Natural relationships between data contain a gold mine of insights for business users. Unfortunately, traditional databases have long stored data in ways that break these relationships, hiding what could be valuable insight. Although databases that focus on the relational aspect of data analytics abound, few are as effective at revealing the hidden valuable insights as a graph database.
A graph database is designed from the ground up to help the user understand and extrapolate nuanced insight from large, complex networks of interrelated data. Highly visual graph databases represent discrete data points as “vertices” or “nodes.” The relationships between these vertices are depicted as connections called “edges.” Metadata, or “properties” of vertices and edges, are also stored within the graph database to provide more in-depth knowledge of each object. Traversal allows users to move between all the data points and find the specific insights the user seeks.
To better explain how graph databases work, I will use IBM Graph, a technology that I helped to build and am excited to teach new users about. Let’s dive in.
Based on the Apache TinkerPop framework for building high-performance graph applications, IBM Graph is built to enable and work with powerful applications through a fully managed graph database service. In turn, the service provides users with simplified HTTP APIs, an Apache TinkerPop v3 compatible API, and the full Apache TinkerPop v3 query language. The goal of this type of database is to make it easier to discover and explore the relationships in a property graph with index-free adjacency using nodes, edges, and properties. In other words, every element in the graph is directly connected to adjoining elements, eliminating the need for index lookups to traverse a graph.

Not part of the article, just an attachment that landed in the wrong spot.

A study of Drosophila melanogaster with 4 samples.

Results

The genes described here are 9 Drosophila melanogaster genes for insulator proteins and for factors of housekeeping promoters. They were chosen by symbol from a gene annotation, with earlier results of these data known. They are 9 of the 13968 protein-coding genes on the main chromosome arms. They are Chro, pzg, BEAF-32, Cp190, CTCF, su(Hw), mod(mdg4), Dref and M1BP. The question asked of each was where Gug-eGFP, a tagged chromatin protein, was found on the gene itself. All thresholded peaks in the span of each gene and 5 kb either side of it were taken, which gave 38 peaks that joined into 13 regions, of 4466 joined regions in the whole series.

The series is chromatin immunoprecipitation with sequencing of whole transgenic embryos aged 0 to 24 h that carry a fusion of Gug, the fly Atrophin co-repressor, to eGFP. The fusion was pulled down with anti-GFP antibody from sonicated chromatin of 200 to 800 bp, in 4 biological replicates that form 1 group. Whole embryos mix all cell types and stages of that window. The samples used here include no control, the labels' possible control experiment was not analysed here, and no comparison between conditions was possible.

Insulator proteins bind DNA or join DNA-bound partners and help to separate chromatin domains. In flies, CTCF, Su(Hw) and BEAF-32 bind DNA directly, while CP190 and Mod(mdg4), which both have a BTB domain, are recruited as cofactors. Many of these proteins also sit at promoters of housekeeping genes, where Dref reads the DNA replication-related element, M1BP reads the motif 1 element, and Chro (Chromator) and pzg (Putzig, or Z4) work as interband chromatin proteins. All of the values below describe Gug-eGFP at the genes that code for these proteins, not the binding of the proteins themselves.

Through the graph-based NoSQL store it provides, IBM Graph creates rich representations of data in an easily digestible manner. If you can whiteboard it, you can graph it. All team members, from the developer to the business analyst, can contribute to the process.
The flexibility and ease of use offered by a graph database such as IBM Graph mean that analyzing complex relationships is no longer a daunting task. A graph database is the right tool for a time when data is generated at exponentially high rates amid new applications and services. A graph database can be leveraged to produce results for recommendations, social networks, efficient routes between locations or items, fraud detection, and more. It efficiently allows users to do the following:
Schema with indexes.Graph databases can either leverage a schema or not. IBM Graph works with a schema to create indexes that are used for querying data. The schema defines the data types for the properties that will be employed and allows for the creation of indexes for the properties. In IBM Graph, indexes are required for the first properties accessed in the query. The schema is best done beforehand (although it can be appended later) in order to ensure that the vertices and edges introduced along the way can work as intended.
A schema should define properties, labels, and indexes for a graph. For instance, if analyzing Twitter data, the data would be outlined as , , and vertices, and the connections between them are , , , and . Indices are also created to query schemas.
Loading data. Although a bulk upload endpoint is available, the Gremlin endpoint is the recommended method for uploading data to the service. This is because you can upload as much data as you want via the Gremlin endpoint.